Cambridge, Mass.: A Refugee Magnet

29 percent of the city's population is foreign born.


Tamerlan Tsarnaev, the older brother – now dead – of the two men suspected of setting off the bombs at the Boston Marathon earlier this week, once confided to a photographer, "I don't have a single American friend, I don't understand them."

The 26-year-old Tsarnaev was a boxer who once said he hoped to become a naturalized American on the U.S. Olympic team. His 19-year-old brother Dzhokhar – the suspect still at large in a citywide manhunt – was a student athlete of the month at a Cambridge high school, later the winner of a $2,500 scholarship from the city. But despite some biographic details (and Olympic aspirations) that look utterly ordinary, the two men, who officials say were of Chechen origin, evidently failed to integrate with the Cambridge community (yet bafflingly chose not to flee it after Monday's bombing).

Cambridge is not exactly an international center of Chechen refugees, most of whom live outside the U.S. in Russia, Central Asia, and Eastern Europe. But 29 percent of the Cambridge population is foreign-born, and the city has long been a port of entry for immigrants thanks to universities that are a popular draw internationally. Historically, Cambridge also has a reputation as a liberal and welcoming community (Harvard, for instance, is home to an Immigration and Refugee Clinic).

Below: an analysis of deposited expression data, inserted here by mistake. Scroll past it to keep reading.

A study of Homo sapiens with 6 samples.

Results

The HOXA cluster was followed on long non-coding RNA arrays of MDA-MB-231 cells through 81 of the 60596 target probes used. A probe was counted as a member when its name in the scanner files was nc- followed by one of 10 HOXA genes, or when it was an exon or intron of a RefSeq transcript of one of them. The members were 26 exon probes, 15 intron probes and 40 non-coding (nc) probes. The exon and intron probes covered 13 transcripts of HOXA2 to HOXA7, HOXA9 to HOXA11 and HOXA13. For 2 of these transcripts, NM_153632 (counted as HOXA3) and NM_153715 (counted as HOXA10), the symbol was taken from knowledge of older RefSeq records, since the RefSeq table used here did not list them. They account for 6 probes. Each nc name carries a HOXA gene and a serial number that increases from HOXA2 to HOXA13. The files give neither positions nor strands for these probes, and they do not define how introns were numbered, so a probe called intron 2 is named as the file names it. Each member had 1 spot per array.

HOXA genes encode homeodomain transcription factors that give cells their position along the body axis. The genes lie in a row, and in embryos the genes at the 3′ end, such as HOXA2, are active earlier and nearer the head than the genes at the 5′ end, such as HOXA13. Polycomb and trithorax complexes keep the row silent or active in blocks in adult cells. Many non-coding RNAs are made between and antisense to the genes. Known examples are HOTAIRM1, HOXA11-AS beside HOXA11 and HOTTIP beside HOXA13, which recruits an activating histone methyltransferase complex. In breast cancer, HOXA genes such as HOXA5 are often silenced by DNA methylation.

Tamerlan Tsarnaev (as part of his otherwise unexplained boxing photo shoot, seen above) said he and his family fled Chechnya in the early 1990s during conflict there that displaced hundreds of thousands of Chechens. He said the family lived for several years in Kazakhstan before coming to the United States as refugees. Other media reports today suggest that the brothers applied for green cards in the United States with Kyrgyz passports.

There's still so much we don't know about these two young men. But as we learn more, their story could very well wind up being used as a cautionary tale for communities that willingly become immigrant and refugee hubs – and the challenges such places face in integrating new arrivals from war-torn parts of the world.

About the Author

  • Emily Badger is a former staff writer at CityLab. Her work has previously appeared in Pacific StandardGOODThe Christian Science Monitor, and The New York Times. She lives in the Washington, D.C. area.